Smock

LOS ANGELES Bo and Kevin Carney are exiting Cafe Stella when they run into a familiar face, exchanging pleasantries and telling her about their store across the street. The woman suggests photographing their store.  

The husband and wife are wearing pieces from their Smock line looking every bit the part of an Eastsider where the vibe is a bit more laid-back and artsy than neighborhoods to the west. 

It’s here in Silver Lake that the couple’s Mohawk General Store sits, celebrating 10 years in business, located on a slice of Sunset Boulevard that includes Intelligentsia Coffee & Tea, Aesop and A.P.C. 

Now, after a decade perfecting their specialty shop and expanding in 2017 to Santa Monica with a second door, the Carneys are preparing for an endeavor by taking their in-house line Smock and setting it up with a store of its own. The two believe the Smock business has legs and the potential for additional branded retail. 

The line, a reference to the utilitarian and unisex protective layer an artist wears, launched in 2013, born out of the need to plug holes in the store assortment that couldn’t be filled by buying other lines. Smock began as a small production run of simple shirt dresses and tops and it ended up doing well. The two ramped up production in L.A. before moving it overseas to Japan. This year they began slowing moving some of the production back to Los Angeles. It’s sold only direct and it’s not likely to be wholesaled. 

Smock

Inside the new Smock store on Sunset Boulevard in Silver Lake.  Kate Berry

“It’s not in our capacity at the moment and it’s not in our plan, either,” Bo said. “We want to just control everything about it. We want to control the experience of the brand in the retail store.” 

“It’s a brand built by retailers that retails extremely well,” Kevin said of Smock. “It’s our number-one-selling brand and so that’s the reason why we’re building architecture around it and giving it its own home. We don’t plan on opening more Mohawks. We plan on moving toward Smock. We’re perfectly happy being a West Coast store, being Mohawk General L.A. For us, multibrand [retail] is great. It’s been great for us, but we want to be more creative, have better margins and be able to open more Smock conceptual shops.” 

The 700-square-foot store is predominantly Smock mixed in with some vintage and home goods. The line is in the midst of having its web site built out. 

The goal would be to bring the Smock concept to markets such as New York and potentially Tokyo and Paris. The Carneys estimate at least four more Smock store openings over the next two years. 

The couple’s story began in Italy, where they met while Kevin was making shoes and Bo was studying fashion business. Kevin had his own clothing brands in the Nineties, including Biast and later Generic Costume. Both were men’s lines. 

In 2008, the Carneys stumbled upon a 400-square-foot space, which became the first Mohawk General Store. 

“The whole world was crashing in 2008 and we just took a chance,” Kevin said. “We asked how come there wasn’t a store that caters to people like us on the Eastside of town. So we started buying for this side. We’re not buying for everyone. People want designer clothes, but it’s not about logos and stylist pulls and hype. It’s a little bit more, ‘Hey, I want to look good. I want quality clothes, but I don’t need to advertise that.’”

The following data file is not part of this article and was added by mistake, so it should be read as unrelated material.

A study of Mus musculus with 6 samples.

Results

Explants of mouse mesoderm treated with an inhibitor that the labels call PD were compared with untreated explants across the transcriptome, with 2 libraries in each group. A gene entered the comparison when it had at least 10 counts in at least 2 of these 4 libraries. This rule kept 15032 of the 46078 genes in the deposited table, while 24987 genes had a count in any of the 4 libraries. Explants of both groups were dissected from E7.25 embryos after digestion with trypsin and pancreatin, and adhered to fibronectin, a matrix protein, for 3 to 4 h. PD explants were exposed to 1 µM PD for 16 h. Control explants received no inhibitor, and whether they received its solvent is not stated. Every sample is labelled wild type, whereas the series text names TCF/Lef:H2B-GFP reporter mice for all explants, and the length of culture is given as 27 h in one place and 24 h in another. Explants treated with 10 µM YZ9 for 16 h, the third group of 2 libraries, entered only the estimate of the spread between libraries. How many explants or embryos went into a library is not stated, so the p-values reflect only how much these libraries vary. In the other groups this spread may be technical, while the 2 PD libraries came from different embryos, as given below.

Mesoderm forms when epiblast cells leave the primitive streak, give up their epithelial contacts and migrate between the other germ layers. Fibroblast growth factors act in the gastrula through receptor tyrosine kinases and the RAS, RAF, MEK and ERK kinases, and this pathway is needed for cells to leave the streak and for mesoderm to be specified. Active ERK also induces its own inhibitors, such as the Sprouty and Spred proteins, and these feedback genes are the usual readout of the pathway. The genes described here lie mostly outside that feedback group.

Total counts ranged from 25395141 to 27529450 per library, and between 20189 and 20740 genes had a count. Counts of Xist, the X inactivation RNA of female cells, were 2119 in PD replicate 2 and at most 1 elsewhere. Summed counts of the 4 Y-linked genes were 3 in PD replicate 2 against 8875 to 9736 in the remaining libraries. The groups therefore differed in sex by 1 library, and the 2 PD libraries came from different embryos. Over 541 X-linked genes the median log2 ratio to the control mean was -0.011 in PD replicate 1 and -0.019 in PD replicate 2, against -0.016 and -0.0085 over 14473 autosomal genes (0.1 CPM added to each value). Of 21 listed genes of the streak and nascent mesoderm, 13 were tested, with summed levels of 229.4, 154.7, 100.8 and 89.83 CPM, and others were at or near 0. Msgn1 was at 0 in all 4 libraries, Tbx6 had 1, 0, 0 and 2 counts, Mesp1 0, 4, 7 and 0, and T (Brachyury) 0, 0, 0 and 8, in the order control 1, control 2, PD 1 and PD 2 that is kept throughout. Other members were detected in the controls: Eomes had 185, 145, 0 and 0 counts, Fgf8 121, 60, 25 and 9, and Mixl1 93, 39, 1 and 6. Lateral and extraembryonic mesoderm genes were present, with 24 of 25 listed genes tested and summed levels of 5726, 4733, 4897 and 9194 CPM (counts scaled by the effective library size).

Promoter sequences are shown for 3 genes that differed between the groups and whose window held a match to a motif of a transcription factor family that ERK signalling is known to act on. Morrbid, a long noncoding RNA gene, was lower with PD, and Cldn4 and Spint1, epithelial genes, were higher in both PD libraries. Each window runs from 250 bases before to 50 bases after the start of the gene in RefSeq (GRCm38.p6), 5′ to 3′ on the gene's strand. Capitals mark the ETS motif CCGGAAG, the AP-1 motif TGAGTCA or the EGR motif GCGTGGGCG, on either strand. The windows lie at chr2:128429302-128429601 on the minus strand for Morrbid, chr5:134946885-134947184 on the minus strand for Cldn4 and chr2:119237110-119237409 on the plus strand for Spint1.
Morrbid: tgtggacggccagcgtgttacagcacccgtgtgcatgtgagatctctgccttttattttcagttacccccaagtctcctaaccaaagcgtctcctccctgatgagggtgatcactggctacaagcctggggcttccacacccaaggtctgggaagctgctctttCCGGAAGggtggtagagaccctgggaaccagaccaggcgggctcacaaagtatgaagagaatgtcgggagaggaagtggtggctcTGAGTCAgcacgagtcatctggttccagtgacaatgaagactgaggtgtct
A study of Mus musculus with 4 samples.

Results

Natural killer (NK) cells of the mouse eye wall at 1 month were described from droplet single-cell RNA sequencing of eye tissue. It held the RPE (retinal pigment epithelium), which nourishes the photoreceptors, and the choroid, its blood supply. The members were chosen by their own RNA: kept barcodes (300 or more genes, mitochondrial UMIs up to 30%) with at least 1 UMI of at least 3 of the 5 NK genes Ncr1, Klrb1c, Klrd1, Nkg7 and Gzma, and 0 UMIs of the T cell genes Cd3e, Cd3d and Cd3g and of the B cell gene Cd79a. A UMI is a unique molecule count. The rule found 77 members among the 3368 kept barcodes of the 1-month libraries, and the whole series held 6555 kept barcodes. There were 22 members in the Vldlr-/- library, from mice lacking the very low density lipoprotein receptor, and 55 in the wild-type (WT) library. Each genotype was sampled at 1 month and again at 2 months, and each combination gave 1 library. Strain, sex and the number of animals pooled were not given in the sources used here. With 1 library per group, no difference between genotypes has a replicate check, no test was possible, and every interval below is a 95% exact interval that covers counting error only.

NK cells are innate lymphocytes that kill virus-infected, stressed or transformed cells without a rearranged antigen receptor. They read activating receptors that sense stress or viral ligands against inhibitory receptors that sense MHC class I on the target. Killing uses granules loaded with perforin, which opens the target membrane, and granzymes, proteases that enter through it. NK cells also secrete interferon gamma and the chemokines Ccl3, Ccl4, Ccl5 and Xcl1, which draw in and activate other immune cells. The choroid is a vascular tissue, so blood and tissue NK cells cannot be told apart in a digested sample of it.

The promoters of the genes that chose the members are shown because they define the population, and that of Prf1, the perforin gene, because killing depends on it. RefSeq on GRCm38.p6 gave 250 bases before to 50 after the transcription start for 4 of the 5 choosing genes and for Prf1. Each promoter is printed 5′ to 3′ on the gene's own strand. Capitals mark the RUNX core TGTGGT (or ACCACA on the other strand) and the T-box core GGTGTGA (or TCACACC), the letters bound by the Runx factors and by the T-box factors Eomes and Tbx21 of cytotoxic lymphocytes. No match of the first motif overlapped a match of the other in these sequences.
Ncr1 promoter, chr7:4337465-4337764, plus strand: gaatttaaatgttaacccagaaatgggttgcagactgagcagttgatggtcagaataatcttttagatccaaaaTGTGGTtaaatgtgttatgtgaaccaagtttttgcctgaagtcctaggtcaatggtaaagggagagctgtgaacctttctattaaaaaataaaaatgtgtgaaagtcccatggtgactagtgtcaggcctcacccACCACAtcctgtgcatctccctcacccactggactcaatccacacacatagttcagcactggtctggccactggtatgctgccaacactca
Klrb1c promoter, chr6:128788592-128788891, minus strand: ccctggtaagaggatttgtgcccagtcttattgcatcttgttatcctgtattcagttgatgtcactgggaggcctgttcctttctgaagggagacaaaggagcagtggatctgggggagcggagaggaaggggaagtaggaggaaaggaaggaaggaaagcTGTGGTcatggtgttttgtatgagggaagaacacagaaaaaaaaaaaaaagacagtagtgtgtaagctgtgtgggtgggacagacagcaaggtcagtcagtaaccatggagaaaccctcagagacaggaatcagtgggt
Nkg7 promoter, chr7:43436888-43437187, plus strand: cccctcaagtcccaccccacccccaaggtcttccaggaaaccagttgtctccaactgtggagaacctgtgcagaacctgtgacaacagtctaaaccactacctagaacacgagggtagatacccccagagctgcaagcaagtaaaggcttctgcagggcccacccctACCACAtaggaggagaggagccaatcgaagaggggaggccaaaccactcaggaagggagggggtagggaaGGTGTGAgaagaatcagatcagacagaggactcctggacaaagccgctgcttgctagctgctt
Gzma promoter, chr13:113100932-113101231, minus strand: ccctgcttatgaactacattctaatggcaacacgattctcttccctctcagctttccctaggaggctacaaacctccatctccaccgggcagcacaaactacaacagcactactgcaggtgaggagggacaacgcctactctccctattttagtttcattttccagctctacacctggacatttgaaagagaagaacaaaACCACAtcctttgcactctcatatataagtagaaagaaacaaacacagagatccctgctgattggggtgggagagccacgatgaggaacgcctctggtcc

Smock

Smock on Sunset Boulevard.  Kate Berry

Mohawk, as the two describe it, is the boutique not for the rockstar or A-list movie producer, but rather the independent movie director or the individual who does production for said big musician.

“It’s all the people who are behind the scenes that have really good taste and are happy to go in somewhere that has an edit that’s really shoppable,” Kevin said.

That’s seen through the lens of an assortment that includes local brands such as Black Crane, Clare V. and Kathryn Bentley, in addition to Dries Van Noten, Mansur Gavriel and Acne among others. It’s not Maxfield and it’s certainly not Nordstrom. 

“A lot of people we know just can’t relate to any of those stores,” Bo said. “So we wanted something comfortable and relatable — to mix unknown brands and big brands.” 

The two are confident in their plans for Smock and continuing to maintain the Mohawk General business largely because they’ve stayed the course on a point of view built over a decade.

For as much as fashion has bought into the hype of limited-edition drops and shorter production cycles to stay relevant and in business, Mohawk has hardly looked in streetwear’s direction. They haven’t added sneakers to their assortment because that’s just not their customer. Their angle has always been about cultivating a certain Mohawk General point of view and style rather than the chase of the next trend and that will be continued as Smock gains steam.

“A lot of stores are surviving on the graphic Ts and the sneaker element, but that’s not our main business at all,” Bo said. 

“What we do,” Kevin said, “is modern takes on classics. It’s not about logo or hype or selling out.”